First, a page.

In some circles, the NFL Combine is the ultimate test to determine a player's real value – all that college tape is great, but how do you stack up in person? Of course, many others believe the annual gathering of players wearing underwear and competing in feats of strength and explosion isn't always indicative of how good you'll be in the league. It's there mostly to find some surprises.

So what exactly is it good for?

The NFL put out several new videos to explain the significance of some of the major Combine tests – the 40-yard dash, the bench press, the vertical jump, the broad jump, the three-cone drill – citing players in years past that wowed scouts, and if those wows were fulfilled later on a real field.

Most of the videos present common sense, but take a look to get a better grasp of these drills and learn what general manager Scot McCloughan and his scouting team will be looking for in each of these tests.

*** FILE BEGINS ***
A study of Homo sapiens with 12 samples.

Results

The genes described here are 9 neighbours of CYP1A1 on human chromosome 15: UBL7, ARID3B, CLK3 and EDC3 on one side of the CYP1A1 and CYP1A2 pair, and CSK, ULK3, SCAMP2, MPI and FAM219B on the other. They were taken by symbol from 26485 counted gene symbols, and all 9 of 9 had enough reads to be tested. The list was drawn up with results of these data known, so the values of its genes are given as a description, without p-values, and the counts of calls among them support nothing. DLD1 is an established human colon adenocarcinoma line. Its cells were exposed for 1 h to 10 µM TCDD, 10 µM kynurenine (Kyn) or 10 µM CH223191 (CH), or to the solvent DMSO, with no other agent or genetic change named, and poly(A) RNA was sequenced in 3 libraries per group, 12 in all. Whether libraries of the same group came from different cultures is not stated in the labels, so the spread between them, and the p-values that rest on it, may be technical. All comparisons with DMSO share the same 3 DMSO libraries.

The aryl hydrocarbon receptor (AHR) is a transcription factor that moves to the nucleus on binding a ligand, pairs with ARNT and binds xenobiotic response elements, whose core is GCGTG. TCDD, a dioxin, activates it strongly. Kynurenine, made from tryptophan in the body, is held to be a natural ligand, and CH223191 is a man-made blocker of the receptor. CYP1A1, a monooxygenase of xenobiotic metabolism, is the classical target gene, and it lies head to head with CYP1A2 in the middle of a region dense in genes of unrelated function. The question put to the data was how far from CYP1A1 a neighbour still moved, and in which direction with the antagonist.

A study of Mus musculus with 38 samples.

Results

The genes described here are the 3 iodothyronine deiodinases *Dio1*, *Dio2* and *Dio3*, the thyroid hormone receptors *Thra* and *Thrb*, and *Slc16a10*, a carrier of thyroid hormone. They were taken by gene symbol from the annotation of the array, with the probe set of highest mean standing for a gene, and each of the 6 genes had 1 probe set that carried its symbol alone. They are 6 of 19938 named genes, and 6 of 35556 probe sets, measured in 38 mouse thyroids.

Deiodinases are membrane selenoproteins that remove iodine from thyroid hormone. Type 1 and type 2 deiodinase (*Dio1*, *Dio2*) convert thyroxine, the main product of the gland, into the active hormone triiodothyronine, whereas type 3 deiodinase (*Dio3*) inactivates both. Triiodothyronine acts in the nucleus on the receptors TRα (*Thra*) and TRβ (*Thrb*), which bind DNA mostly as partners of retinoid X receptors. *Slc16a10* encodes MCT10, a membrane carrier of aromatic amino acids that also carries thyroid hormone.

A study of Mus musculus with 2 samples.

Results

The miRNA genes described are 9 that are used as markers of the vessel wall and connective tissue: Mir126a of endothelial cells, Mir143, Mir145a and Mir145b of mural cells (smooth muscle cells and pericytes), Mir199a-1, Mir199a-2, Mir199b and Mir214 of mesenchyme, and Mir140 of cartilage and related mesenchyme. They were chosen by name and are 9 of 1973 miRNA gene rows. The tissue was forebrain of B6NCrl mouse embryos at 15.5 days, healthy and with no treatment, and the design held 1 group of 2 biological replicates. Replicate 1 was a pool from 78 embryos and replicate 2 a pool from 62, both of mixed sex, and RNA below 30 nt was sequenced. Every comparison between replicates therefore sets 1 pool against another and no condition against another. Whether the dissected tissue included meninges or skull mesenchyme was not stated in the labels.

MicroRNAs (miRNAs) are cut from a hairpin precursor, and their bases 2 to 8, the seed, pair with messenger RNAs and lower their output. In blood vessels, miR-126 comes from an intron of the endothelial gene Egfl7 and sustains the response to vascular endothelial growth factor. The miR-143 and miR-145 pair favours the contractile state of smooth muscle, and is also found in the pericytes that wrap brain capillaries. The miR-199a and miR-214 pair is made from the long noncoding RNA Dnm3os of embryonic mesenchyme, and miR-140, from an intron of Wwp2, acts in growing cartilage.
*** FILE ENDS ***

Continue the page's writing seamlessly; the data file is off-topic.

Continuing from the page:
We begin with the 40-yard dash, the Combine's marquee event and certainly the most translatable for practical application.


The Redskins' Stephen Paea holds the record for the bench press (49 reps), which is more about endurance than maxing out.


The vertical jump is  a pretty useful tool  to judge cornerbacks and wide receivers, since they're the ones that will be battling in mid-air for jump footballs. But it's also helpful to see the explosiveness from a bigger defensive player, like, say, J.J. Watt.


The broad jump really tests lower body explosion. You have to stick the landing for your jump to count, so this drill is just as much about balance.

Finally, the three-cone drill adds another layer to determining speed and agility, especially for pass rushers, who need to be quick off the edge and be good at changing direction as the quarterback maneuvers the pocket.